What is the best method of removing the seal in the bell housing w/o hurting the Aluminum bell housing?
( yeah I lnow, ... Carefully)
But really? I don't want to bodge it.
 

(yeah I know, ... Carefully)
But really? I don't want to bodge it.
Hi maseratiguy,

The method outlined in the shop manual (page 13-10) suggests that the seal can be pried out with a screwdriver, levered in the angled notch. This is assuming that the "centering ring" stays attached to the gearbox and not the bell housing when the two are separated. But in my experience, sometimes the steel centering ring gets stuck in the bell housing and that has to come out before the seal can be extracted.

Now I have tried to pry out the seal with a screwdriver as suggested in the shop manual, but have had very limited success. No matter what size of screwdriver I use, I can't get the angle low enough to get under the seal without the risk of digging into the aluminum of the housing.

You are right to be cautious about the aluminum counter bore that the seal resides in. You definitely don't want to harm that precious surface or you risk ongoing future leaks (even with a new seal).

The best way I have found of extracting the seal is by destroying it, albeit very carefully, by prying, little by little, all around the edges, with a sturdy-pointed 'pick' (or a very small screwdriver), until part of the seal's encased metal shim is raised enough to get a hold on with a pair of needle nosed pliers - and then pull. The key is to not worry too much about ruining the old seal - you're going to replace it anyway - you just don't want to scratch or mar the aluminum surrounding it.

The seal itself is a rubber-encased steel washer with a small steel spring behind the center sealing lip. You could try and leave the spring and center rubber lip intact, just to provide a little something extra to pull on later, but if you rip them off while you're trying to pry up the metal washer/shim in the base it's not a big problem. In fact removing the spring and lip can often expose the embedded metal washer so that you can see what you want to pry up to pull on with your pliers.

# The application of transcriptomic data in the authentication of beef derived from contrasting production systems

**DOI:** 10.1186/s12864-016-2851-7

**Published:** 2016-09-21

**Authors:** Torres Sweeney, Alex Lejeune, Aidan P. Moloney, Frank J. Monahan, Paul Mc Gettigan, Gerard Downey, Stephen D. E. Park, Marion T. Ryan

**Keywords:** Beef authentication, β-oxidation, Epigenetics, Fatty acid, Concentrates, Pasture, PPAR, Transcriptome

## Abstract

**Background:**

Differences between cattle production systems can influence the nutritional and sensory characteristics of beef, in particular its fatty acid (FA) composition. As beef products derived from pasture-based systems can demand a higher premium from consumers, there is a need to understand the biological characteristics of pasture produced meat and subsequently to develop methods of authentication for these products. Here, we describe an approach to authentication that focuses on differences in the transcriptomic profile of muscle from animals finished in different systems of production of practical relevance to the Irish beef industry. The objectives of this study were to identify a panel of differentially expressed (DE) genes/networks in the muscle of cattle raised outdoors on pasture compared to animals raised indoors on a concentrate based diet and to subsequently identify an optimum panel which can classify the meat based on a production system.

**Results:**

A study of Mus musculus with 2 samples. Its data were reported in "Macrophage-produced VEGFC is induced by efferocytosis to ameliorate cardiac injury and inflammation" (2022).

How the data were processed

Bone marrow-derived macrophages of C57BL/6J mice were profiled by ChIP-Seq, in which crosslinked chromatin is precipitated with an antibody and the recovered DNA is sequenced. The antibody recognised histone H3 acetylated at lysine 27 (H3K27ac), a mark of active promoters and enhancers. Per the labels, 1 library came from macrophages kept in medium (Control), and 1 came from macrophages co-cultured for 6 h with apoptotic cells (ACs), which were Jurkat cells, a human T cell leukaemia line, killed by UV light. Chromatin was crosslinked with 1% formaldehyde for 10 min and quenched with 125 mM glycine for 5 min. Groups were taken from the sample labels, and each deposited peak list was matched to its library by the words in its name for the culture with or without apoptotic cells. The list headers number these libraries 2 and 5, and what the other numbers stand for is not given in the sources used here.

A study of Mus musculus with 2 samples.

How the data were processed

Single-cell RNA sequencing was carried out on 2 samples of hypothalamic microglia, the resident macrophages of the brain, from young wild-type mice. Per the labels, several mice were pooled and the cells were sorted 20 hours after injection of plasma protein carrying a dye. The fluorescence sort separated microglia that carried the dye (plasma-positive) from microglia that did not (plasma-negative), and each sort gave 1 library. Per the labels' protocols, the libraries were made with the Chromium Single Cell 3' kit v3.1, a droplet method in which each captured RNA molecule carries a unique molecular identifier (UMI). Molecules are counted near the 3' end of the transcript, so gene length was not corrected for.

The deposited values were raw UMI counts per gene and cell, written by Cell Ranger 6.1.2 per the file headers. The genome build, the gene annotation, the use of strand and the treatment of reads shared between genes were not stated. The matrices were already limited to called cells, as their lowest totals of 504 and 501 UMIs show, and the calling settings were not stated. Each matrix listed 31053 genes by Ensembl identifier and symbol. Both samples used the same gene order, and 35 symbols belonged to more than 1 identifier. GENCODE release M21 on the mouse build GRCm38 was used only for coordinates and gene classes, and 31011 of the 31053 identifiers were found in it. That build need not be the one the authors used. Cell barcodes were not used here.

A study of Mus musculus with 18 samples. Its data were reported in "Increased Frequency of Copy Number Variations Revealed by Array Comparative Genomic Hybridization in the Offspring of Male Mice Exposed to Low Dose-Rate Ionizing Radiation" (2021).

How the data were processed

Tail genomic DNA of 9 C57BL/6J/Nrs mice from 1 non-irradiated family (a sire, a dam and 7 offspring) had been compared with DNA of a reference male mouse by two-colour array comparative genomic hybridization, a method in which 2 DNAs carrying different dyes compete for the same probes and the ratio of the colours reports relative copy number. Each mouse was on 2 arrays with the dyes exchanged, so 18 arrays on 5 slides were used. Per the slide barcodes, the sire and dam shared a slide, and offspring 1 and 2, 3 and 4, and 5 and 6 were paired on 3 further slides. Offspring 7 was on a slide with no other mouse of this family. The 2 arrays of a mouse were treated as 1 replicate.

The trick is to place whatever you use as a prying tool under the encased metal washer of the seal but above the aluminum surface of the bell housing counter bore. There should be about 1mm of rubber under the metal plate of the seal, so you should try and shove your tool right under the metal encased in the seal, and use the opposite side of the bore to pry against. Never try to pry against the aluminum under the seal.

Little by little you should be able to slightly distort the metal portion of the seal enough to get a pair of needle nose pliers on it, then you can grab and pull.

In summary: locate the metal shim encased in the rubber of the seal, bend that metal portion (inside the rubber of the seal) until you can get needle-nose plier tips on it, and then pull.

Good luck and be careful.
 

Thank you! I figured I'd have to destroy it. It actually looks to be in good shape but since I'm in there I figured I should put in a new one. Balancing leaving well enough alone vs. I'm already in there it should be done. I'll just be very careful.
Thanks again!
 


I believe the Alfa factory manual recommends using some kind of thin pipe (or special tool) over the shaft to protect the surface of the new seal during assembly, but I was thinking about just wrapping the shaft with a very thin sheet of stiff plastic and taping it in place before I slid the bell housing back up to the gearbox.

And don't forget to use a suitable sealant on the contact surfaces between the bell housing and the gearbox when you re-assemble.
 

Thank you Norseman, I finally got everything together and just finished bleeding the clutch tonight. I'll be testing it tomorrow, praying everything went well and the used tranny promised and sworn to be good is, (I still am skeptical, but it was a learning experience!). I did seal the trans and bell housing joint, (grey Permatex) and was careful with the seal against the splines.
I have done many '68-'72 Volvo's and they are SO much easier! the tranny has 4 very accessible bolts on the outside of the tranny so it easily detaches from the bell housing. I can do a Volvo trans swap in an afternoon. the Alfa was much harder, mostly trying to get my hands into tight places and getting at bolts and nuts. Not a lot of fun this job. Boy did I hate doing the circle clips on the clutch mounting. I'll post after I drive it and pray that it works!
 

Trans. is in and rather decent. if I shift reasonably up through the gears it does fine. If I try to go fast I can beat the syncros and it will crunch a bit. It doesn't like the 3 - 2 downshift though, but that could be me trying to jump down too many rpm's.